Top 10 Free Things to Do in Edinburgh

3. Get Lost in the Old Town

Once you’ve finished inspecting the Royal Mile’s delights, scout out the rest of the Old Town. Traverse the Grassmarket, previously a medieval market place and the site of public executions. It’s now filled with traditional pubs, quirky shops and great restaurants. A stone’s throw from here is the Cowgate, a low-level road situated under George IV Bridge. Not particularly impressive during the day – it’s been called ‘the bowels of the city’ on more than one occasion – its many pubs and clubs come alive at night.

Edinburgh University’s central area is also worth a look. Made up of two squares, it contains some fascinating architecture, including the ‘Hogwarts-esque’ Teviot Row House, the oldest purpose-built student union in the world, and McEwan Hall, a stunning, 19th century circular building.

4. Get Political

The Scottish Parliament is quite unlike anything else in the city. Constructed from steel, oak and granite, it appears to have germinated from the very soil, a living entity. Situated next to Holyrood Palace, there’s lots of room for independent exploration.

Peruse the exhibition and artwork in the main entrance hall, or check out the Debating Chamber (parliamentary business allowing) where heated debates on Scotland’s future trajectory occur. You can also take a free tour to learn about the history, procedures, work, and design of this utterly unique building. Don’t miss the inspiring Cannongate Wall, where the words of famous Scots are inscribed into different types of Scottish stone.

The Scottish Parliament lit up at night, as seen from above.
The Scottish Parliament lit up at night, as seen from above. Photo © Scottish Parliamentary Corporate Body – 2012

5. Meet Bobby

No trip to Edinburgh would be complete without meeting Bobby, the city’s most famous canine. This little Skye terrier spent 14 years faithfully guarding the grave of his dead master, and has been immortalised in Scottish history ever since.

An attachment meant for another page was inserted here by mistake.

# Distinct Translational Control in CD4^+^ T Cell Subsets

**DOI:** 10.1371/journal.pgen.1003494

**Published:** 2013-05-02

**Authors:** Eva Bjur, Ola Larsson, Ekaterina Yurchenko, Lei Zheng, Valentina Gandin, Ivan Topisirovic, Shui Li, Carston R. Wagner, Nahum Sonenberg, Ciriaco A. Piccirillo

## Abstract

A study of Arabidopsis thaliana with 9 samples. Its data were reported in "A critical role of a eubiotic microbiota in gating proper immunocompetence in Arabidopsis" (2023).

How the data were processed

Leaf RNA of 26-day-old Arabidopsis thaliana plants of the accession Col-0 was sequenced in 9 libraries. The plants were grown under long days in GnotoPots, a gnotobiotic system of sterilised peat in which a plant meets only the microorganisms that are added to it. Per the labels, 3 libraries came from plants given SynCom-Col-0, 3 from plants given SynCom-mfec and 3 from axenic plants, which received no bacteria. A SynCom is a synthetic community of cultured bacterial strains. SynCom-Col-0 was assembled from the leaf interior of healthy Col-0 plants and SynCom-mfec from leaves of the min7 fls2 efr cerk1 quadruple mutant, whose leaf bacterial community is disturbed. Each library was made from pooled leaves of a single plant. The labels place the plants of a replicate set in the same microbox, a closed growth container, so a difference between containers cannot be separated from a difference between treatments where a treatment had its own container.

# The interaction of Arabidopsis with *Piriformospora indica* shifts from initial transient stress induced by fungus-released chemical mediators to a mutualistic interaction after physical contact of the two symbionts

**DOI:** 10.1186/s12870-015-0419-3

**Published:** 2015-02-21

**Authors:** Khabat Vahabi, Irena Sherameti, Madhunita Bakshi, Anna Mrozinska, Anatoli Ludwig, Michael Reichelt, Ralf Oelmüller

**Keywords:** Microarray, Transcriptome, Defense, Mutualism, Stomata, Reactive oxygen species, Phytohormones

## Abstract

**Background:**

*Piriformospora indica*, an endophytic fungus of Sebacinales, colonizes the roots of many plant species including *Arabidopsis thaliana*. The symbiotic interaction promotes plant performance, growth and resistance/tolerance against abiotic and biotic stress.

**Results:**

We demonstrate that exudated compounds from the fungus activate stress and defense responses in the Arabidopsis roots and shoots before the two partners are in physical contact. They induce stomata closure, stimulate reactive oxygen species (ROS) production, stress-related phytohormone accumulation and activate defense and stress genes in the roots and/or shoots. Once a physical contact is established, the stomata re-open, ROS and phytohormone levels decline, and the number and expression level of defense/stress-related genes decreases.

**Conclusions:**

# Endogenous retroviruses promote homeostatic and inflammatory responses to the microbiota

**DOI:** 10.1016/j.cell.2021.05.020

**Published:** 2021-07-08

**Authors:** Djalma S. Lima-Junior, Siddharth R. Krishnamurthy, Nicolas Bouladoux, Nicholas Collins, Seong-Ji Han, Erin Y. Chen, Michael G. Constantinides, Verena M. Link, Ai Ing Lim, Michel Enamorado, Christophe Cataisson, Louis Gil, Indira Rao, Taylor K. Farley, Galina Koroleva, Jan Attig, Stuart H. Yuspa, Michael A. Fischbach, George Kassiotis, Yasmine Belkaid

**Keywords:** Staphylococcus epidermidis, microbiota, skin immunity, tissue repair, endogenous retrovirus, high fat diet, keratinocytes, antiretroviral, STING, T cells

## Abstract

Find the bronze statue dedicated to his memory on George IV Bridge, and spare a moment to pat his nose. Locals say it brings you good luck. Then visit the site of Bobby’s long vigil, Greyfriars Kirkyard, with its lesser known but just as fascinating history. Here, Franciscan monks and paranormal activity go hand-in-hand with the birth of Lord Voldemort himself.

6. Become a Culture Buff

Exciting enough that Edinburgh is filled with museums and art galleries galore, the best thing is most have no entrance fee. One must-see is the National Museum of Scotland, located on Chambers Street not far from the Royal Mile. Exhibitions include everything from Dolly the Sheep to samurai armor, Isle of Lewis Chessmen to the process of evolution. While there don’t miss either the Grand Gallery, a huge, light-filled atrium detailing Scotland’s contributions to the world, or the roof-top viewing platform, affording fantastic views of the Old Town and beyond.

Other free museums include the Writer’s Museum, dedicated to three of Scotland’s literary heroes – Scot, Stevenson and Burns. Or try the Museum on the Mound to pour over one million pounds in cash and Scotland’s oldest banknote.

If you’re more of an art lover check out the Scottish National Gallery (located at the bottom of the Mound) that has pieces from Van Gogh, Cezanne and Titian, amongst many others. There’s also the National Portrait Gallery, recently refurbished to its 19th century splendor, and the National Museum of Modern Art containing cubist, surrealist and impressionist works.

One of the Scottish National Gallery's many exhibition rooms.
One of the Scottish National Gallery’s many exhibition rooms. Photo by National Galleries of Scotland

7. Beach Out

Something you wouldn’t expect from cold, wind-struck Edinburgh is a traditional seaside town. But a short bus-ride away is just that – Portobello, the city’s only beach. Popular for sunbathing and swimming, on sunny days it’s often packed out with locals relaxing. The promontory that runs beside it, lined with cafes, ice cream parlors, and fish ‘n’ chip shops, has a faded glamor which only adds to the town’s charm.

If you fancy going further afield there are several other beaches within an hour of Edinburgh. Try visiting North Berwick, a picturesque fishing village only 20 minutes away by train. Explore the town’s pretty streets while taking in the magnificent views of Bass Rock. Or, go to Seacliff to avoid the crowds and take in the dramatic ruins of old Tantallon Castle.